Published Mon, 9 Dec 2013 11:00 CET
There is often confusion in the press relating to financial markets about whether exposure to established markets with strong track records or a foothold in emerging markets with strong growth prospects are the best way to maximise investor returns. ETFs provide a great way to gain either of these exposures without the need to examine individual companies, but which theme is more likely to deliver stronger dividend streams going forward?
This article examines two high dividend paying ETFs to highlight how different trends and themes such as market exposure, strategy and long term prospects can drive their valuations and yields higher or lower.
The Aristocrat Follower
The SPDR S&P Dividend ETF (SDY) is the most well known and obvious pick for any dividend paying ETF list. While the price of the ETF has inflated alongside the market, this recent run up is arguably well justified. The fund follows the high yielding Dividend Aristocrats Index, which is made up of a selection of companies that are narrowed down from over 1500 to a measly 60. The one salient feature that all of the remaining companies have is that they hold the distinction of having increased their dividends for at least a quarter of a century.
That means that buying this ETF exposes you to businesses that are strong enough financially to continually grow their profits and therefore payouts over an incredibly long-term horizon. The benefit to being exposed to a portfolio such as this is that it is the equivalent to buying a safe family car over an expensive sports car: you invest your money because you know you won't have to worry about it day to day and it won't need constant attention to do its job.
The exposure to mostly large cap stocks and bypassing speculative technology companies and other more inconsistent sectors has yielded impressive returns, typically outperforming the Standard & Poor's 500 by between 0.5% - 1.5% year on year, with a standout year coming in 2010 with a 16.4% total return, comfortably beating the index (before expenses of 0.35% were applied).
Betting on the Emerging Growth Engines
For those concerned that the U.S. stock market is a little overvalued, and therefore wanting to steer clear of options like the SDY, because of the effect that a higher valuation has to correspondingly lowering yield there are a wealth of other options. Of these, one that plays the longer-term theme of the emerging markets providing the impetus for the growth of the world economy is the WisdomTree Emerging Markets Equity Income Fund (DEM).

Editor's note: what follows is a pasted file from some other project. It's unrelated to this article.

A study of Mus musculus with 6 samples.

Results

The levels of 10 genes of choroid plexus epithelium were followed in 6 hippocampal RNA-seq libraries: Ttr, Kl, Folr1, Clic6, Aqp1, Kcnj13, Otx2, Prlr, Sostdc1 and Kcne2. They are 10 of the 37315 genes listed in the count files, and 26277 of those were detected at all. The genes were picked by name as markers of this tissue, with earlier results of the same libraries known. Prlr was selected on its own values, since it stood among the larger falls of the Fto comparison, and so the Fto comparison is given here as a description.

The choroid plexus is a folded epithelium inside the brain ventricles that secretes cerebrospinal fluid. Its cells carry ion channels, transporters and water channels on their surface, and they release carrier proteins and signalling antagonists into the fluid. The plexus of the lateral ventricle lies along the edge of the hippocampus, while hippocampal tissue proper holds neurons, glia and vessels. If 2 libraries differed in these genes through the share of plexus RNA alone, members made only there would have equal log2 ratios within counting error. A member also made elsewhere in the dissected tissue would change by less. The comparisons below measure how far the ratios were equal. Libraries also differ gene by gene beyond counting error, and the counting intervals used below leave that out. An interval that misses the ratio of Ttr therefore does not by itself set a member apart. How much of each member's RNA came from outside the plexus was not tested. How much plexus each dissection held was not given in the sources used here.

Investing in this ETF is a more contrarian approach than purchasing SDY units, as the fund has not appreciated in price as strongly as its counterpart. The reasons for this are numerous, but prominent among them is the slowing down of Chinese growth from double digit percentages to a more sedate range of 7%-9% annually. This has coincided with a serious weakness in the other member of the 1 billion population club, India, in terms of its currency and political gridlock.
However, the fund is well aware of these macroeconomic trends, and has a trimmed weighting to China of 18% which compares favourably to other globally exposed ETFs. It is also worth noting that the high single digit GDP growth of nations like China quadruple and sometimes even more greatly outpace the anaemic growth of western economies in Europe and North America over the same period. The fund also holds stocks in resilient economies like Brazil and Taiwan that have also weathered the financial storm of the last decade well based primarily on strong commodity and technology-focussed exports, respectively.
The fund is a good long-term play to gain exposure to around 300 companies leveraged to current global market themes and comfortably outpaces the benchmark MSCI Emerging Market Index with outperformance of up to 8% in the last five years. DEM also delivers a superior payout as a result of the manager, WisdomTree, preferring a fundamental weighting approach over a more vulnerable to negative performance index weighted or momentum determined portfolio, while fees are arguably justifiably higher than peers at 0.63%.
The two ETFs discussed above are both solid dividend payers with track records of outperforming their respective indexes over the long-term, however, they provide for different opinions on the future of the global economy in terms of where the stronger performance will be found: in established U.S exposed stocks, or from the growing and internationally diversified emerging markets. It depends on your outlook as an investor to determine which of these ETFs is more suited to inclusion in your portfolio.